It has been nearly a month since the Big Ten decided its football teams would play a conference-only schedule, but on Wednesday morning, fans found out just who their team would be playing and when.
Nine conference games for the Hoosiers remain the same as the original schedule, just different dates, but Minnesota was added to Indiana’s 10-game schedule that will span over a 12-week period. The release of this schedule does not come with a guarantee that the season will happen, but sports wouldn’t be the same without preseason schedule speculation.
Hoosiers face numerous challenges early on
In a world without COVID-19, Indiana’s football schedule to begin the season was an opportunity to boost its chances to make a bowl game two years in a row. However, with the release of the new schedule, it is quite the opposite.
The Hoosiers’ season opener at Wisconsin on Sept. 4 remains the same, but instead of building confidence for a few weeks against Ball State, Western Kentucky and UConn, Indiana will face six teams in a row that were bowl eligible last year. Indiana will welcome Penn State, Illinois and Michigan to Memorial Stadium to go along with road trips to Wisconsin, Ohio State and Minnesota to complete the first six weeks of the season. These six teams combined to win 60 games a year ago.
It was obvious that Indiana’s schedule would become significantly more difficult upon the announcement that the Big Ten would only play conference games, which means fans will get to see what Indiana is truly made of right away. In an interview on the Big Ten Network, head coach Tom Allen recognized this challenge.
“I see it as a great opportunity,” Allen said. “The Big Ten is a great conference with a lot of great football teams. I look at it as we are all about making history here at Indiana.”
While Allen’s confidence in his team never seems to waver, a certain metric has not moved in Indiana’s favor. According to ESPN’s SP+ ratings, Indiana’s expected win total went down from 7.4 to 5.2 wins with the release of a new schedule. The Hoosiers’ most likely record is 5-5 following this metric.
Plenty of late-season opportunities to pick up wins
After facing a gauntlet through the first six games of the season, a seemingly easier second half schedule could keep Indiana in the running for bowl eligibility. Week eight features a matchup with the Maryland Terrapins in Bloomington, followed by road matchups with Rutgers and Michigan State and the Old Oaken Bucket Game versus Purdue at home to finish the regular season.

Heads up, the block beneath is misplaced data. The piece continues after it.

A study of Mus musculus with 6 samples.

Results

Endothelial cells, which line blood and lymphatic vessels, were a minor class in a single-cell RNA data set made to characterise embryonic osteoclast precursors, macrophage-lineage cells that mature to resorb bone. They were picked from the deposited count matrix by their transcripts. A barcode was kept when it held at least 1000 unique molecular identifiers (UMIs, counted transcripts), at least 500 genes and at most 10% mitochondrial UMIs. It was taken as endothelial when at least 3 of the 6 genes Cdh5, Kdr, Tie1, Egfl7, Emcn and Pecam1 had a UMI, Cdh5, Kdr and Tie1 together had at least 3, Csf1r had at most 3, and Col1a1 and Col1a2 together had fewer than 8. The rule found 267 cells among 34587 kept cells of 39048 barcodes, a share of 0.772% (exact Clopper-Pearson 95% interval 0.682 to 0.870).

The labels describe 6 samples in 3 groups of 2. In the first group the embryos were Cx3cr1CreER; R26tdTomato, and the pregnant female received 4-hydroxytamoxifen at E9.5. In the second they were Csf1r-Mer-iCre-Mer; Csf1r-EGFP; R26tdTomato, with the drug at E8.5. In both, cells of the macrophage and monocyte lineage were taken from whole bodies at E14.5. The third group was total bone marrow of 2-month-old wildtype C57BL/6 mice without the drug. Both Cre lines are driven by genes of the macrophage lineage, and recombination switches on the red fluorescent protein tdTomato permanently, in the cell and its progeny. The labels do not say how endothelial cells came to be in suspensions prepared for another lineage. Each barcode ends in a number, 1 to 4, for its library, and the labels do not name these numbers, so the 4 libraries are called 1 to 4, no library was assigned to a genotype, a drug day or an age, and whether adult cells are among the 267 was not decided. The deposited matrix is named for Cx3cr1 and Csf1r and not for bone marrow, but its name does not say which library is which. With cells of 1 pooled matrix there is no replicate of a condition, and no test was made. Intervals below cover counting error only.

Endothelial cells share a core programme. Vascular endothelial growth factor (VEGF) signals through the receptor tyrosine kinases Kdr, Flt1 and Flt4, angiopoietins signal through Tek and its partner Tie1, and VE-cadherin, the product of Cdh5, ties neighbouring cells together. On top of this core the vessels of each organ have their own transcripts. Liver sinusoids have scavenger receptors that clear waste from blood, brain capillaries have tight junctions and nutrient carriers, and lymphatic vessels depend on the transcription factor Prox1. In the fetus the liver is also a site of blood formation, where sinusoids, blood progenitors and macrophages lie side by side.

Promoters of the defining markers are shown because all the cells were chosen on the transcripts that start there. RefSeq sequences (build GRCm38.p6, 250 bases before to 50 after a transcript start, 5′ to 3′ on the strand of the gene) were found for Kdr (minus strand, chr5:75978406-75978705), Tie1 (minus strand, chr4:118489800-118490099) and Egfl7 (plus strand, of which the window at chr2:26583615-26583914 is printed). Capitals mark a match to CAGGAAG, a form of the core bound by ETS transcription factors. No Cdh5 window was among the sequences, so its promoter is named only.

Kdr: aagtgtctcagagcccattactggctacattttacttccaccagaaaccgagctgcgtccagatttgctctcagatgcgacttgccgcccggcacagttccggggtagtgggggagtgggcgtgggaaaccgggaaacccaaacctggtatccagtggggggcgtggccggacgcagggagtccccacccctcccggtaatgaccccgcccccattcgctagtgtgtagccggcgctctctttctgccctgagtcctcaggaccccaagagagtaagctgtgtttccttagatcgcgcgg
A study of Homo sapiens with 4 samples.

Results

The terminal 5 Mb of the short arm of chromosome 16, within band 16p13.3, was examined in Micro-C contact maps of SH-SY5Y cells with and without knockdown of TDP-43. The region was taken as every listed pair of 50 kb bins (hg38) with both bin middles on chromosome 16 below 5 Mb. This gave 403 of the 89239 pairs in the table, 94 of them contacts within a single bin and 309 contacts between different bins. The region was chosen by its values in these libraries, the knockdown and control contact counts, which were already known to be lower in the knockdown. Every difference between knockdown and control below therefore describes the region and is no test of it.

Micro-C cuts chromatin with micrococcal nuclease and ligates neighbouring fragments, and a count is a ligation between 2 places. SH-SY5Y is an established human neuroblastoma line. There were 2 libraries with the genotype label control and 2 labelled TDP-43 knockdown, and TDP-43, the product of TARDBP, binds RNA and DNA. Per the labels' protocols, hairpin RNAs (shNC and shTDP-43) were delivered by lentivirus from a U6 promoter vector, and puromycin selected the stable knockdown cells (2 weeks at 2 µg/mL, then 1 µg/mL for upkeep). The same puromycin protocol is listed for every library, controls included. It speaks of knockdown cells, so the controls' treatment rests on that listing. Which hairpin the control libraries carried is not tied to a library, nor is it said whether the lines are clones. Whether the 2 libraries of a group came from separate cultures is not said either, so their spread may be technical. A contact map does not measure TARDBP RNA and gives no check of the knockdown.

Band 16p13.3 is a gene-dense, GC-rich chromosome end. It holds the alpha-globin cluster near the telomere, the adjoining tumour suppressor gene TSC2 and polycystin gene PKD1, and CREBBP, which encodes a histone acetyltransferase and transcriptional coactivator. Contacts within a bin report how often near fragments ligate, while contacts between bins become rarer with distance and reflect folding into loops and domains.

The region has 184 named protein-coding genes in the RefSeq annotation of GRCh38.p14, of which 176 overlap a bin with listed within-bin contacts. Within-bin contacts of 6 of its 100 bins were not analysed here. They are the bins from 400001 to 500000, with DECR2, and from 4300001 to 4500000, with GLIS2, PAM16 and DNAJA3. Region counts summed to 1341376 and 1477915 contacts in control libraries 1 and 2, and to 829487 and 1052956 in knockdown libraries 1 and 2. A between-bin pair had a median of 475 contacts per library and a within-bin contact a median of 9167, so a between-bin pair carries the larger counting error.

Three of the four teams rounding out Indiana’s schedule were not eligible for a bowl game last year, and Michigan State barely earned eligibility with two wins to finish its regular season. The Spartans also lost head coach Mark Dantonio to retirement this offseason.
It will be important for Indiana to not lose hope in the season after the first stretch of games, since the back half of the schedule provides the Hoosiers with an opportunity to go on a late run. While the Big Ten did not outline bowl eligibility requirements in today’s schedule release, Nick Carpelli, executive director of the Football Bowl Association, told ESPN on July 15 that in a 10-game season, a 5-5 record is bowl-eligible by NCAA rules.
Bye weeks come at optimal times
The 2020-2021 Big Ten football schedule will run from Sept. 3 to Nov. 21 and include two bye weeks for each team. This decision was made in an effort to allow the possibility of games being collapsed into the bye weeks if postponements become necessary.
Indiana’s two bye weeks come during week five and week 11 during the 12-week schedule. At first glance, these times seem to work in the Hoosiers’ favor, as week five provides breathing room between a home game versus Ohio State and a road trip to Minnesota. The first four weeks of Indiana’s schedule look to be one of the most grueling stretches of the season, which means a bye week on Oct. 3 will give Allen and the Hoosiers a chance to get healthy and prepare for the rest of the season.
The second of Indiana’s bye weeks comes on week 11, separating a road game at Michigan and the regular season finale at home versus Purdue. In many past seasons, the Old Oaken Bucket game has decided the Hoosiers’ bowl eligibility status and could likely carry the same weight this season.
Having a bye week during week 11 should provide the Hoosiers with necessary rest after nine weeks of Big Ten football and allow them to prepare for in-state rival Purdue, which has similar bowl game aspirations.
One game to look forward to
Indiana has lost 59 out of 68 games versus Michigan and has not defeated the Wolverines since 1987. That is not very helpful in making an argument for the Hoosiers to take down Michigan this year.
However, Michigan will be without last year’s starting quarterback Shea Patterson. The Wolverines also have Ohio State the following week and Wisconsin the week after that. It is not quite the trap game Indiana fans would hope for since Michigan has a bye week before coming to Bloomington, but an improved Indiana offense led by Michael Penix Jr., Whop Philyor and Stevie Scott could be enough to compete with the Wolverines.
The Hoosiers have played Michigan pretty competitively in recent years, with four of its last five losses coming within 11 points and two of the five games needing overtime to decide the winner. Indiana is scheduled to Michigan on Oct. 17, and if the game happens, there will likely be no fans in attendance.
It’s important to note, the release of this schedule does not guarantee a season will happen, but Indiana will begin fall camp on Aug. 6.